Insurers have kept the press release wires burning in recent years with announcement after announcement about the launch of new, fee-based life insurance and annuity products.
LIMRA reported in November that, in the third quarter of 2017, actual sales of fee-based indexed annuities accounted for just $48 million of the $14 billion in indexed annuity sales recorded that quarter.
(Related: LIMRA Reports Drop in Q3 Annuity Sales)
David Lau, the founder and chief executive officer of Louisville, Kentucky-based DPL Financial Partners, said Thursday, in an interview, that there’s a simple reason fee-based life and annuity product sales have been low: typical insurers have paid too little attention to the needs of RIAs, the people who have been selling fee-based products all along.
Typical insurers’ systems “are built for paying commissions,” Lau said.
Lau, who previously was Jefferson National’s chief operating officer, has been working on establishing DPL as a distributor of fee-based insurance and annuity products for about three years.
He is working with 15 carriers, and eight have already put products on his shelves.
Right now, about half of the products on the shelves are life products, and half are annuity contracts.
An insurer pays a fee to put a product on DPL’s shelves, and an RIA pays an access fee.
Eventually, Lau would like to add disability insurance, Medicare supplement insurance, and life- and annuity-based long-term care benefits hybrids.
People in the insurance community who look at the third-quarter fee-based indexed annuity sales numbers may feel as if life insurers are doing everything about selling fee-based products wrong. Lau said he personally doesn’t believe that life insurers are doing everything involved with reaching RIAs wrong, but he does see a great deal of room for improvement.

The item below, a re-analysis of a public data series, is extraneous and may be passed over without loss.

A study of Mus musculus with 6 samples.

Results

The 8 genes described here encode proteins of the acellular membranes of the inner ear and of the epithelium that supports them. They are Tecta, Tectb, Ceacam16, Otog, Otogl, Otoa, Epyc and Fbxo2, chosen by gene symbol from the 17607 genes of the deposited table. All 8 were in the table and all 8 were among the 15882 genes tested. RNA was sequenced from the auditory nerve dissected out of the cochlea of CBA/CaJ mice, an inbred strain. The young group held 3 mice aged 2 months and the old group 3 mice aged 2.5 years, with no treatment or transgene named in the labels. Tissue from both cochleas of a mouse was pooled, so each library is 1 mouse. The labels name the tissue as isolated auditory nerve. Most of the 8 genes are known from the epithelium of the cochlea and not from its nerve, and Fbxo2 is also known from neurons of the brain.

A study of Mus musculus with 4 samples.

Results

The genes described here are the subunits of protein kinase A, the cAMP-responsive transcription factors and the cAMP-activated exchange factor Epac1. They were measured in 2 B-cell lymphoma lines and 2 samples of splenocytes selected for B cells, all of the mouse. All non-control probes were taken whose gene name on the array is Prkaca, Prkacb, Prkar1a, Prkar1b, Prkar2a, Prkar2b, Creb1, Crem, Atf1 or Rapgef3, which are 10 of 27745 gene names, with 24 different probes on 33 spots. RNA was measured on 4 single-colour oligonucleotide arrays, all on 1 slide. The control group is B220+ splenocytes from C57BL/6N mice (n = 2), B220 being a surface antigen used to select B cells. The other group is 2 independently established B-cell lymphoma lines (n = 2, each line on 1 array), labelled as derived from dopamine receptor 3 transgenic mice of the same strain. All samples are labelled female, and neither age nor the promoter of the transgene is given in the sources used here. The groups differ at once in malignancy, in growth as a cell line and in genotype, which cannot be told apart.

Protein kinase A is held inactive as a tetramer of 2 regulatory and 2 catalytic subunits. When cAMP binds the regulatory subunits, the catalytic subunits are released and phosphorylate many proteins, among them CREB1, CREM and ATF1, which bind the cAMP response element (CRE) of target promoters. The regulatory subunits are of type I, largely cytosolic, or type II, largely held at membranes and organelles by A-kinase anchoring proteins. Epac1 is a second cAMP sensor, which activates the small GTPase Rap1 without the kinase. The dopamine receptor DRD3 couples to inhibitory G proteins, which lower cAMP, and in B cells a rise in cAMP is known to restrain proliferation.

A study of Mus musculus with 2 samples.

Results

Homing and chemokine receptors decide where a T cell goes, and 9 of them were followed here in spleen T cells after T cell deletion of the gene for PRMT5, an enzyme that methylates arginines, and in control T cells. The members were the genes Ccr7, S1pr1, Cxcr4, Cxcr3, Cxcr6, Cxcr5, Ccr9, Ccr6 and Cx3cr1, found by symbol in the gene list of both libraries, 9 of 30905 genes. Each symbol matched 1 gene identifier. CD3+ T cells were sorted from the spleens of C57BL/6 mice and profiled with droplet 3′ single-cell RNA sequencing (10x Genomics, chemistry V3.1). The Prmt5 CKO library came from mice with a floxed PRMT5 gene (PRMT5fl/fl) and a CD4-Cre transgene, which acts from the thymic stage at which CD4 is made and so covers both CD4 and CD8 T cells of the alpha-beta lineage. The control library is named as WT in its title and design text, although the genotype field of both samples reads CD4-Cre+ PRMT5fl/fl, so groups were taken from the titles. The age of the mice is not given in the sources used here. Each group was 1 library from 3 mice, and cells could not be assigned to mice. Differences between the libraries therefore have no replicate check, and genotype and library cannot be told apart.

Here are three points Lau made about insurers’ problems with getting RIAs to take their products seriously, drawn from the interview.
1. Some insurers simply convert existing commission-based products into fee-based products.
“RIAs aren’t sales people,” Lau said.
If an insurer wants to appeal to fee-only advisors, it needs to create a product with fee-only advisors in mind, Lau said.
2. Some insurers try to offer RIAs complicated, expensive products.
RIAs see themselves as money managers and portfolio optimizers, and they live to increase the client’s value-to-cost ratio, Lau said.
When an insurer cuts product costs by eliminating “bells and whistles,” that might increase the appeal of the remaining benefits to the RIAs, by increasing the benefits-to-value ratio, Lau said.
3. Some insurers are just learning how to pay fees.
Insurers tend to be used to working with broker-dealers, who help agents in the field get sales commissions and other compensation, Lau said.
Pure fee-only RIAs have no broker-dealers, and insurers have to do more to develop the infrastructure for handling fee-based advisors, Lau said.
Developing that infrastructure is worth the effort, Lau said.
“This market is growing tremendously,” he said. “The market for us is huge.”
CORRECTION: An earlier version of this article gave the wrong headquarters location for DPL. The firm is based in Louisville, Kentucky.